Autumn is a good time for producers to determine the best type of cattle mineral and how they will provide it to their early-gestation beef cows. In doing so, they should avoid five common myths when they consider outside advice. Producers can effectively meet important mineral and vitamin requirements of their cow herd now and in the months ahead.
For example, I was driving down some back roads and saw a herd of Black Angus cattle with a few cows and calves with a rough red sheen to them. I was always taught in school that a red coat colour is a clear sign of copper deficiency. However, it’s a myth that all black cattle with red hair coats suffer from poor copper status. It could be something else such as a bad sunburn, which brings us to our first of five myths:
1. Trace mineral and vitamin deficiencies cause specific deficiency symptoms: Rather than causing clear-cut visible signs, these deficiencies usually underlie general ailments such as increase in sickness. For example, a Colorado study showed that about one-third of pre-conditioned calves that received vaccinations were still getting sick immediately after they entered feedlots. The researchers speculated such morbidity was due to poor mineral supplementation starting with their originating cow-calf herds. I agree, because adequate intake of essential copper, zinc and selenium is part of enzyme systems that irreplaceably support good immune function.
2. Exceeding mineral requirements will promote performance responses: Most of the time once a daily amount of 125-150 mg of copper is provided to most beef cows — it satisfies their vital and performance functions. It should also alleviate any problems with antagonistic minerals, such as molybdenum that binds dietary copper in cattle. The notable mineral and vitamin requirements in gestation beef cows is illustrated in the accompanying table.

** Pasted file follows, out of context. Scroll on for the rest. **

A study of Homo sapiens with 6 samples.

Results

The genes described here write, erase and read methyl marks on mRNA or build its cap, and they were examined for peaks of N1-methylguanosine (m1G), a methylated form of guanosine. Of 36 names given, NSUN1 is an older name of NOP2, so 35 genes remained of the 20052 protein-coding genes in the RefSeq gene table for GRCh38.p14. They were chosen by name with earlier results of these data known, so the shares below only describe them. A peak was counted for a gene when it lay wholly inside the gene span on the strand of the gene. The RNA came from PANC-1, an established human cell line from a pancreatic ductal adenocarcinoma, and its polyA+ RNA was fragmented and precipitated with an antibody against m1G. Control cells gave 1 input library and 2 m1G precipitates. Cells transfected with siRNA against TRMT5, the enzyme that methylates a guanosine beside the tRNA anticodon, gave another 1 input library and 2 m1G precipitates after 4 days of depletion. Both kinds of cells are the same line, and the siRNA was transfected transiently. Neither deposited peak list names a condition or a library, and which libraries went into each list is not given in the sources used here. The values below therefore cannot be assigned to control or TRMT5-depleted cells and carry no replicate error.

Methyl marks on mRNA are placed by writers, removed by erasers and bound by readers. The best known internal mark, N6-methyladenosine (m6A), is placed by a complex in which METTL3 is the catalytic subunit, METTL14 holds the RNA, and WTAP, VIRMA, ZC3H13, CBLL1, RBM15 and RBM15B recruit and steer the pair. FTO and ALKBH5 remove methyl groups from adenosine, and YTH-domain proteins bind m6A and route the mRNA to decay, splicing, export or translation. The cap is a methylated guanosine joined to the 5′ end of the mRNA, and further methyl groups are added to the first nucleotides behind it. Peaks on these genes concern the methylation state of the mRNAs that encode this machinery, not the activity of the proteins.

3. Cattle minerals with the highest nutrient levels are the best value: As a beef nutritionist, I have reviewed many feed labels of commercial cattle minerals. For instance, mineral A has 3,000 ppm copper and Mineral B has 4,000 ppm copper and both are fed at 50 g per head daily. It doesn’t necessarily mean that Mineral B is the better choice. Sometimes both are good values. In one unrelated incident, I reviewed a cattle mineral that had very high levels of Vitamin A and this could have been the cause of some performance issues that I saw in a set of bred heifers. In another situation, feeding high levels of zinc may have influenced a copper deficiency.
4. Minerals do not have to be fed during early gestation: One of my friends feeds salt blocks (no copper, zinc, selenium or vitamins) to his beef cow herd. Just because they are in early gestation and their weaned calves are sold doesn’t mean that they should ever be deprived of a sound mineral and vitamin program. Granted, their NRC mineral and vitamin maintenance and production requirements are low compared to other times of the year, but they steadily increase until the calving season in the spring.
5. Feeding trace mineral blocks is good enough: Another friend buys trace mineral blocks during the fall in order to save money. He believes the natural vitamins in pasture and harvested hay bales are “good enough” to meet his cow herd’s requirements. I don’t agree, because vitamins A, D and E are often inadequate, variable and degrade over time in all forages. In addition, the quality and level of vitamins in commercial mineral are steady and guaranteed.
As a beef nutritionist, I can appreciate that some of these myths may make sense, but they are pure fiction and should be avoided. I believe an early-gestation cow mineral should be provided (four ounces per head daily) that meets their above respective NRC macro-, trace mineral and vitamin requirements. It’s these cows’ best mineral and vitamin value.